01 October 2014

Ballroom by Alice Simpson


Time has eroded the glamour of the Ballroom, but at the end of the 1990s, a small crowd of loyal patrons still makes its way past the floor-to-ceiling columns which frame the once grand hall each Sunday evening. Sweeping across the worn parquet floor under a peeling indigo ceiling, these men and women succumb to the magic of the music, looking for love and connection, eager to erase the drab reality of their complicated lives.

Nearly forty and still single, Sarah Dreyfus is desperate for love and sure she’ll find it with debonair Gabriel Katz, a dazzling peacock who dances to distract himself from his crumbling marriage. Tired of the bachelor life, Joseph believes that his yearning for a wife and family will be fulfilled – if only he can get Sarah to notice him. Besotted with beautiful young Maria Rodriguez, elderly dance instructor Harry Korn knows they can find happiness together. Maria, one of the Ballroom’s stars, has a dream of her own, a passion her broken-hearted father refuses to accept or understand.

As the rhythms of the Ballroom ebb and flow through these characters’ hearts, their fates come together in touching, unexpected ways.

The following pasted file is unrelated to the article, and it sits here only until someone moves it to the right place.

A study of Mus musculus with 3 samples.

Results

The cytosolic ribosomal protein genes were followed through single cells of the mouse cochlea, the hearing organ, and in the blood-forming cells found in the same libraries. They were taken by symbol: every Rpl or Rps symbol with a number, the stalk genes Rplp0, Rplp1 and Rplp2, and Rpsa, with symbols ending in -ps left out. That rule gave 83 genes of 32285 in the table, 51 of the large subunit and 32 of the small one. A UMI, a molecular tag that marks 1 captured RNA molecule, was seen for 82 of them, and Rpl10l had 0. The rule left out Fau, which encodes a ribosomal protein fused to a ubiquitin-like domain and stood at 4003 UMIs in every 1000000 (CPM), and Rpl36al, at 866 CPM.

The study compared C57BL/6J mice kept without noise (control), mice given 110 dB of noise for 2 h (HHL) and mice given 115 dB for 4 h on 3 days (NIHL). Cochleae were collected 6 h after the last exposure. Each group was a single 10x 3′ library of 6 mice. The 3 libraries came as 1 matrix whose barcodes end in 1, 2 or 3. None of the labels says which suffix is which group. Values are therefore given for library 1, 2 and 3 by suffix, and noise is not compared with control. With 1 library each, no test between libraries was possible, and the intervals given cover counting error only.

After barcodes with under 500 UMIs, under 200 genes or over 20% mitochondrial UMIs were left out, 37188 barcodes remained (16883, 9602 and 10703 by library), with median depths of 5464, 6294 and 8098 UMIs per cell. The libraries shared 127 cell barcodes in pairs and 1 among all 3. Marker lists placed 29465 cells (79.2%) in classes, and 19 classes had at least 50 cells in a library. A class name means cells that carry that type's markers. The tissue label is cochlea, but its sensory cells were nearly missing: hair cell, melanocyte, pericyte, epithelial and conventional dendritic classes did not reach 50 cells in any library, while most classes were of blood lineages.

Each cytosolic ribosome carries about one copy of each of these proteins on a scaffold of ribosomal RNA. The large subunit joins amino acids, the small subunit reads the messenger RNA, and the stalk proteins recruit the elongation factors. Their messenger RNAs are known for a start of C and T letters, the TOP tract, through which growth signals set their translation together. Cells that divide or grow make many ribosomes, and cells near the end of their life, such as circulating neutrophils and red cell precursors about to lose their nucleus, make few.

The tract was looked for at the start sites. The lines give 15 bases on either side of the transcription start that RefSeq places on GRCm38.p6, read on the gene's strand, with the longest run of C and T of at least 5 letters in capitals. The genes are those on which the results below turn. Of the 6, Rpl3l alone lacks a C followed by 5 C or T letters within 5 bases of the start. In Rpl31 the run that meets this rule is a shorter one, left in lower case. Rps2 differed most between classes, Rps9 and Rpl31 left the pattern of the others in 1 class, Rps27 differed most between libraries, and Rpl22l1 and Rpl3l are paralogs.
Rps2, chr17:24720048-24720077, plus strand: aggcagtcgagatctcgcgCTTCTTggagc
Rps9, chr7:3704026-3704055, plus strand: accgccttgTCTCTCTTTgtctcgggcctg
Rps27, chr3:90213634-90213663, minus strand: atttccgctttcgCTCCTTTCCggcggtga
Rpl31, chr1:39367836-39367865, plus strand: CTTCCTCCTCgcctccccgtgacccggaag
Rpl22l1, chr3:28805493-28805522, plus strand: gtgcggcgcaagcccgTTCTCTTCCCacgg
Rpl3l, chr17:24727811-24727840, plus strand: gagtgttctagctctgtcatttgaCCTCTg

I have to say this: reading Ballroom by Alice Simpson disappointed me. Initially, the plot – with its different perspectives coming together and intertwining within the Ballroom – intrigued me and I hoped for an entertaining story. However, after meeting all the characters, I quickly lost interest. It did not take long for me to realize I didn’t really care for any of the perspective-offering characters, who are mostly sad, lonely individuals, and as the plot progressed, I couldn’t get myself to emotionally invest. Besides passing within the Ballroom, the characters, for the most part, only connect superficially and frustratingly, and I often wished for more depth in aspects of the characters and their interactions. Overall, Ballroom just felt a bit flat and dreary to me and though I was able to finish it, I cannot say I particularly enjoyed it. However, while this book didn’t work for me and I hesitate to actually recommend it, it is possible other readers may connect better with the characters and enjoy following their stories. So, if those interested in the plot synopsis want to take a chance, Ballroom may be worth a try.

Thanks to TLC Book Tours, I received a copy of Ballroom and the opportunity to provide an honest review. I was not required to write a positive review, and all the opinions I have expressed are my own. To read other opinions of the novel, click here.

1 comment:

  1. Thanks for sharing your thoughts on this book for the tour.